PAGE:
There's no question that the idea that Bush may have been AWOL during part of his tenure in the Guard is intriguing. But it's not nearly the most offensive aspect of his military history, and it's mired in uncertainty. We need to avoid getting caught up in the legalistic AWOL/not-AWOL arguments, and focus on what Bush himself admits when asked how he got out of the Guard 8 months early: "I was going to Harvard Business School and worked it out with the military."
Imagine with me a soldier named Joe Smith, from Southeast DC. Corporal Smith joined the DC Guard to pay for his undergrad degree at UDC -- he was the first member of his family to earn a four-year degree. Smith has been posted in Tikrit for the past six months, and despite the fact that his Guard commitment was due to end on Dec. 31, he isn't allowed to leave the service, due to Bush's stop-loss orders
. But Smith applied to business schools before leaving for Iraq, and has just been accepted into Howard Business School.
Will Corporal Smith, who has already served longer than the term for which he signed up -- and who has served in a war zone -- be able to "work it out with the military" so that he can go to the "other" HBS? Hell no. And that, folks, is a powerful testament to the arrogant sense of entitlement that permeates every cell of George Walker Bush. The fact that he can characterize his service as entirely honorable, and apparently believes that it was somehow normal to "work out" a deal with the military so that he could return to his Ivy League roots -- at the same time that he keeps Guard members in Iraq long past the time when they should have gone home -- is appalling and foreign to regular Americans.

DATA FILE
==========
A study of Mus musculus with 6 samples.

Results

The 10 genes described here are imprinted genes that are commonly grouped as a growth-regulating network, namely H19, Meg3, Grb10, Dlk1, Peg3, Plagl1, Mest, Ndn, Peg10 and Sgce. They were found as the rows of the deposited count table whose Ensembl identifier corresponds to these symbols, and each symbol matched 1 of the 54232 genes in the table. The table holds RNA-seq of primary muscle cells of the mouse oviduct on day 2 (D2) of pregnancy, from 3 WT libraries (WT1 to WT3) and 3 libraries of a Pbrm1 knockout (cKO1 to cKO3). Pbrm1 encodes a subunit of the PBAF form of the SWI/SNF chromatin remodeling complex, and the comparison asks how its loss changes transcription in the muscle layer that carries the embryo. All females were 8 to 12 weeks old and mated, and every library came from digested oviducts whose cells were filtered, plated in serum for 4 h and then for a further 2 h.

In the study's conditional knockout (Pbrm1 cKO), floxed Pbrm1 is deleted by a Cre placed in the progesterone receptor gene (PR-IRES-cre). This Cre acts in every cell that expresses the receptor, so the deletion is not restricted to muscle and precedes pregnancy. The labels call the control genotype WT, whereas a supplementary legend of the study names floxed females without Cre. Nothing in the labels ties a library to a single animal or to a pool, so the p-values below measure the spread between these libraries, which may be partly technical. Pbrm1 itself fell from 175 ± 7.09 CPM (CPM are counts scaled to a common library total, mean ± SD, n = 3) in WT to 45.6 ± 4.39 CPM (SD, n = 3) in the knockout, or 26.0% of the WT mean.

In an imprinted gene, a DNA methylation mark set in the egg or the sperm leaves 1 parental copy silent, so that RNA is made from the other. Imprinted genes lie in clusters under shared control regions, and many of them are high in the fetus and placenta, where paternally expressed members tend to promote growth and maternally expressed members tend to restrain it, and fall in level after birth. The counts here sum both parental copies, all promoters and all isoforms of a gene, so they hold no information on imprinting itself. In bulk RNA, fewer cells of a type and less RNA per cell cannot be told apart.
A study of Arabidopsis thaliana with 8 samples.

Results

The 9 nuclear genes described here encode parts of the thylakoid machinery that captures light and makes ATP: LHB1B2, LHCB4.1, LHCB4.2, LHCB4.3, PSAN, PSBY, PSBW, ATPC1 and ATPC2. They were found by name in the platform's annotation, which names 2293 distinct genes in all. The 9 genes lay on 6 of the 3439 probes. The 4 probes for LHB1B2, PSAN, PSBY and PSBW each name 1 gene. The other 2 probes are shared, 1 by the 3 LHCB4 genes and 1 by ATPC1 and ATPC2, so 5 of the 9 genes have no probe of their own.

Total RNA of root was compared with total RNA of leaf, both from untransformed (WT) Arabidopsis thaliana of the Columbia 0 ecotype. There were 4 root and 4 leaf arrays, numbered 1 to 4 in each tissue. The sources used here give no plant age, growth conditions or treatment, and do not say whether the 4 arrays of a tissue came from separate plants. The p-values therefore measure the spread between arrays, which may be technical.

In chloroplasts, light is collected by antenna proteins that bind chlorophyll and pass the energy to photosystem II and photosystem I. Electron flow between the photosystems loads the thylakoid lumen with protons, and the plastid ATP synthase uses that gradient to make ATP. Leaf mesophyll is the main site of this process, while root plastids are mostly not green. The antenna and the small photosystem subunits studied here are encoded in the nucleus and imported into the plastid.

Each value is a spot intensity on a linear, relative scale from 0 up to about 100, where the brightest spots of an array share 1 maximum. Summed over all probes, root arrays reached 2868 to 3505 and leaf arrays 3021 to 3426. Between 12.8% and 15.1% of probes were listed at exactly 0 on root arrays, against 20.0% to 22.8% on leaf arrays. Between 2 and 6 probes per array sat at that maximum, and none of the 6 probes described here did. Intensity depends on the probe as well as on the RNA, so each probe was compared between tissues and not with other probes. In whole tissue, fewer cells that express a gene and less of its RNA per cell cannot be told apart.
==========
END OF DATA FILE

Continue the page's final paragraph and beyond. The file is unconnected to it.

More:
Bush got into the Texas Guard pilot program despite abysmal test scores, during a time that there was a draft on for an overseas war, and he was able to bail out early on that
because he wanted to go to b-school. Today, Bush issues stop-loss orders that keep Guardsmen like Corporal Smith -- who unlike Bush, serve in an overseas war -- in the service indefinitely. And unlike George Walker Bush, son of a Representative/Ambassador/RNC chair and grandson of a Senator, the Smiths of today's Guard don't get to make it all stop just because they want to kill time at business school.
is an issue which will resonate with Americans. Bush has never played by the rules forced on the rest of us, and his b-school/Guard dealings highlight the imbalance of the playing field.